The first time I laid eyes on James Bond, he was emerging from the ocean with a fake seagull on his head. After which he blew up a drug lord’s laboratory, peeled off his wetsuit to reveal an immaculate white DJ, snogged an exotic dancer, clocked the reflection in her eyeballs of a bad guy sneaking up behind them, tipped said bad guy into the bathtub, threw an electric heater in after him, and quipped: “Shocking, positively shocking!” All this, and the credits hadn’t even started. The 12-year-old me thought I’d died and gone to heaven.
Many years later, Goldfinger remains not just my favourite Bond movie, but the standard by which all other Bond movies must be judged. It has Sean Connery, of course, and the best theme song, incorporating Shirley Bassey giving it maximum welly, backed up by lashings of John Barry brass.
And it has the best villain; Auric Goldfinger (Gert Fröbe) is a petty-minded plutocrat who cheats at cards and golf, and has the best ever evil dialogue. His masterplan is to profit from the economic chaos that will ensue after he has detonated an atomic bomb in Fort Knox, making America’s gold reserves radioactive for 58 years. “He’s quite mad, you know,” Bond says to Pussy Galore, just in case any of us might have thought this was a viable get-rich-quick scheme.
Ah yes, “Poosy”, as Connery calls her – the implicitly (explicitly in Ian Fleming’s novel) lesbian pilot with the ultimate absurd Bondgirl name. And yet Honor Blackman, who plays her, never looks less than Totally in Control, even when required for plot purposes to yield to Bond’s rufty-tufty manliness. Mindful of Blackman’s ass-kicking role as Cathy Gale in TV’s The Avengers, the film-makers allow her to fell Bond with a judo-throw, but that’s as far as they go with this feminist nonsense. Bond promptly upends her in the hay, and overcomes that implicit lesbianism with just one kiss. Yes, it’s the old all-they-need-is-a-good-shag-from-a-Real-Bloke ploy.
Goldfinger has the best henchman – Harold Sakata as Oddjob, the thickset Korean with the deadly steel-rimmed bowler. And the best car – the Aston Martin DB5 with “revolving number plates, naturally”, making it valid for Britain, France and Switzerland. It’s also equipped with smokescreen, oil slick, front-wing machine guns and passenger ejector seat, all of which Bond employs against carfuls of pursuing henchmen… to no avail, because he ends up totalling it – confused by his own reflection in a mirror, for heaven’s sake – and gets captured anyway.
And yet the film never looks anything other than fabulous – Ted Moore’s cinematography has a large-scale epic quality, and the action gallivants from Florida to Stoke Poges to the Swiss Alps to Kentucky in grand style, with some studio stop-offs in between.
Which brings me to what I like most about Goldfinger: it makes me laugh. I never tire of the cunning back projection used to make it look as if Connery is in Miami, as opposed to Pinewood, the disposable comedy gangsters to whom the villain outlines his evil scheme, the montage of troops pretending to be gassed and collapsing ineptly, or of Pussy Galore’s crack team of girly stunt pilots (“Pussy Galore to Champagne Leader!”) who scamper across the tarmac to their planes like schoolgirls who are bad at games.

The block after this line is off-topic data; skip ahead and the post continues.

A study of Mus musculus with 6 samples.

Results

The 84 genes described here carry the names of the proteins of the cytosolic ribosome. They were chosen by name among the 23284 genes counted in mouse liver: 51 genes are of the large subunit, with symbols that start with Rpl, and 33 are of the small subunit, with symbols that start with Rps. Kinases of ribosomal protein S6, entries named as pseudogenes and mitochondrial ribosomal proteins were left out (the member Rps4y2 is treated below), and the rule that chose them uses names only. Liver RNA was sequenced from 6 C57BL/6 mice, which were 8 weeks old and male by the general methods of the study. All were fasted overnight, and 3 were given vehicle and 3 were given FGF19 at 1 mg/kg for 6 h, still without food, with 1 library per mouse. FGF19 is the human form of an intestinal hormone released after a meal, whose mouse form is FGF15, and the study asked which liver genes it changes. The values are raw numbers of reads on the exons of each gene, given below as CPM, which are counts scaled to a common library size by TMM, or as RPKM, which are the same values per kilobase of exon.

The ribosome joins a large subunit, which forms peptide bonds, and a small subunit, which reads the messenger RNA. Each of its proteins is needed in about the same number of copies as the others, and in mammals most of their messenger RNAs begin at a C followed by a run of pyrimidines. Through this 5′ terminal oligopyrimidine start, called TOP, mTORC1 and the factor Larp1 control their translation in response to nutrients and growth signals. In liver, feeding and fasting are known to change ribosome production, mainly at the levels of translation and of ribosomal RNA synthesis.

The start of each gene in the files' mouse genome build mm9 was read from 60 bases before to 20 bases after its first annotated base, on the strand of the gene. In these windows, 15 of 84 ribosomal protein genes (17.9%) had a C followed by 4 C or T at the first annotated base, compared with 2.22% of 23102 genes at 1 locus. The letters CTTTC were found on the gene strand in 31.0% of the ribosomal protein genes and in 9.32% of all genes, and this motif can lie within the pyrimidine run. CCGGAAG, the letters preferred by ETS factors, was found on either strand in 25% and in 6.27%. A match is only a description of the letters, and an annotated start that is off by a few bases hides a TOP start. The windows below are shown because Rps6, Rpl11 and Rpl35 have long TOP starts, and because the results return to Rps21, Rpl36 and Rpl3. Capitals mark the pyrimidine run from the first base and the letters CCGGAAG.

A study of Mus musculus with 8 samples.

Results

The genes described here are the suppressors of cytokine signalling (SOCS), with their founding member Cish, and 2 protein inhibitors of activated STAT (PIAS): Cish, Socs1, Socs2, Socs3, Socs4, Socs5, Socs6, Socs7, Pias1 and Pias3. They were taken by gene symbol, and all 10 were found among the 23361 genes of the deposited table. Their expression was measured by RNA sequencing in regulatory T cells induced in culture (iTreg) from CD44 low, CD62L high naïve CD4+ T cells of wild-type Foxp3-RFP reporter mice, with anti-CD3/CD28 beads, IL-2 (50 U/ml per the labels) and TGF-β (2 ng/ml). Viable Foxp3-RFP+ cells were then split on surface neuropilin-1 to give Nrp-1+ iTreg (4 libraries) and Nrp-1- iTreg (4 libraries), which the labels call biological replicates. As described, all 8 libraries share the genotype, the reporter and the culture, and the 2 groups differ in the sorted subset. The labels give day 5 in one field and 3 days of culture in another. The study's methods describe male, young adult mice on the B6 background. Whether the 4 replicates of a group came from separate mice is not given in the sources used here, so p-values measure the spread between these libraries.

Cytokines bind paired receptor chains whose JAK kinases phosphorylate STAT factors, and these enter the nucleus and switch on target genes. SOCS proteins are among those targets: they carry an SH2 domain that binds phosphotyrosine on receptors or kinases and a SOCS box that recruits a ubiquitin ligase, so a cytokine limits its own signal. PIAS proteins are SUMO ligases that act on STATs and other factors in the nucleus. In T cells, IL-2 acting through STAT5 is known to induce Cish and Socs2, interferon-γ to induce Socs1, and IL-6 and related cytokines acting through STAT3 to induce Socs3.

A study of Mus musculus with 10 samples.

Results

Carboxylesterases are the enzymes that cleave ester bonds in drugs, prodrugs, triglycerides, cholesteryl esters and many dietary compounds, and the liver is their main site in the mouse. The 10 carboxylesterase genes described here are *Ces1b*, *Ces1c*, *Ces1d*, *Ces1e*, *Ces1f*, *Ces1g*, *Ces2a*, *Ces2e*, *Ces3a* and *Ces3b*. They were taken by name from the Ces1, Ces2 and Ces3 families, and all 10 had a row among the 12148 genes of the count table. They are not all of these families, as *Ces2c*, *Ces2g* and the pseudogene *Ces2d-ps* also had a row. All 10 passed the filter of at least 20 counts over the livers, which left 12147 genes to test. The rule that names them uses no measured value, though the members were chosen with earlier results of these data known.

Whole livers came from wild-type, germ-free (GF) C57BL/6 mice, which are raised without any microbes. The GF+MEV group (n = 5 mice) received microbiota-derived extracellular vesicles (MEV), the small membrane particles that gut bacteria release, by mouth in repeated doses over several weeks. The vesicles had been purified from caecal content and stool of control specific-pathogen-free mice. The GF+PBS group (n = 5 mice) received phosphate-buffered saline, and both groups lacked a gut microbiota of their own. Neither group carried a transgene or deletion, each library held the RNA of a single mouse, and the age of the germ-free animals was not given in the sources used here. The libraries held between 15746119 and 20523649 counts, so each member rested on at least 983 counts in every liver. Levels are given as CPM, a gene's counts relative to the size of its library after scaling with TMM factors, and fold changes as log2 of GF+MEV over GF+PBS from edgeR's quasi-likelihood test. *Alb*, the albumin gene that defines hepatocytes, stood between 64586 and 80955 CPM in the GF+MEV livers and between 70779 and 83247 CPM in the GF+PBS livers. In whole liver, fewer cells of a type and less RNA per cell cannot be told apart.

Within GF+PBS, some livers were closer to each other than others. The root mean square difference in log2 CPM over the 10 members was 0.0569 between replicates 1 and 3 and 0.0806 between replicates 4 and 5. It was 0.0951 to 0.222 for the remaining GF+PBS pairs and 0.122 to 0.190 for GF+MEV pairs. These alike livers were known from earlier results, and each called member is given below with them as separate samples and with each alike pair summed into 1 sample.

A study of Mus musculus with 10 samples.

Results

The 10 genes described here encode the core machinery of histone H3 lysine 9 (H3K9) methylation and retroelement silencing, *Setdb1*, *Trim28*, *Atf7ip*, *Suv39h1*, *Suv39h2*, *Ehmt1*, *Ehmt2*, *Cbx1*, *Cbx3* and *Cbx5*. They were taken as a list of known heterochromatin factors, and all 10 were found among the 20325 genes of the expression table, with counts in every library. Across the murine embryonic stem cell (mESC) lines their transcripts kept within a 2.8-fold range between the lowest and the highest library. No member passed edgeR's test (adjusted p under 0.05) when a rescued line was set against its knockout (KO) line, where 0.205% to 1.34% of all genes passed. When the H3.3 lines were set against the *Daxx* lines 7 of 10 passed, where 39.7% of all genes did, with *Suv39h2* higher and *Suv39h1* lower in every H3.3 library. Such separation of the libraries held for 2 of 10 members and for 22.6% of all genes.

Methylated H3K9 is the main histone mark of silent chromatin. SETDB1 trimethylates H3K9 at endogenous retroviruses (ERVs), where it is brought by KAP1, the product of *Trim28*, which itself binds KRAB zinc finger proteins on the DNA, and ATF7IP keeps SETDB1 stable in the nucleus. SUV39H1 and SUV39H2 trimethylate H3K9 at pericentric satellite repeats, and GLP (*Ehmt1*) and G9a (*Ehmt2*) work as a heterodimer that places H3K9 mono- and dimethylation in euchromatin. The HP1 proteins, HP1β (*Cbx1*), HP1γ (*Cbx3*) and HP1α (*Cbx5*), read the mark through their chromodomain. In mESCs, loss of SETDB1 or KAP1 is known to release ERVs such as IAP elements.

But best of all is Bond’s uselessness. He somehow manages to get both Masterton sisters killed (one of them covered in gold paint, Best Ever Bondgirl Death) and spends most of the film tippling – Dom Perignon, a “rather disappointing brandy”, Martini or Mint Julep, you name it. He gets strapped to a table with a new-fangled laser beam pointed at his private parts – “Choose your next witticism carefully, Mr Bond, it may be your last” – in the funniest and most memorable Bond-in-peril scene, and one that, pace Austin Powers, is not so easily escapable. Our man’s family jewels remain intact only thanks to Goldfinger’s typically Bondvillain reluctance to deliver the coup de graçe.
For the last hour of the film, Bond is Goldfinger’s prisoner while the action occurs elsewhere, and it’s Poosy who saves the day offscreen (though of course 007’s natural-born studliness might have had something to do with changing her mind). Has there ever been a more passive hero? Even at the climax, he’s reduced to bashing cackhandedly at the atomic bomb casing with a gold brick, trying in vain to stop the countdown – only for a CIA man to step in at the very last minute and calmly flick the “off” switch.
Despite its hero’s ineptitude, Goldfinger is full of quintessential Bond moments, all of which have since been recycled or spoofed so many times you forget this is where so many of them began – Bond tricking his jailer into opening the cell door, a minor bad guy’s car reduced to a scrunched-up cube in a scrapyard compactor, the villain shooting his own henchmen to prove how villainous he is… And Goldfinger’s ultimate fate is memorably absurd and horrible.
Best Bond movie, no question.
“Do you expect me to talk?”
“No, Mr Bond, I expect you to die.”
I rest my case.
This piece was first posted on the Guardian website in December 2011. It has since been edited.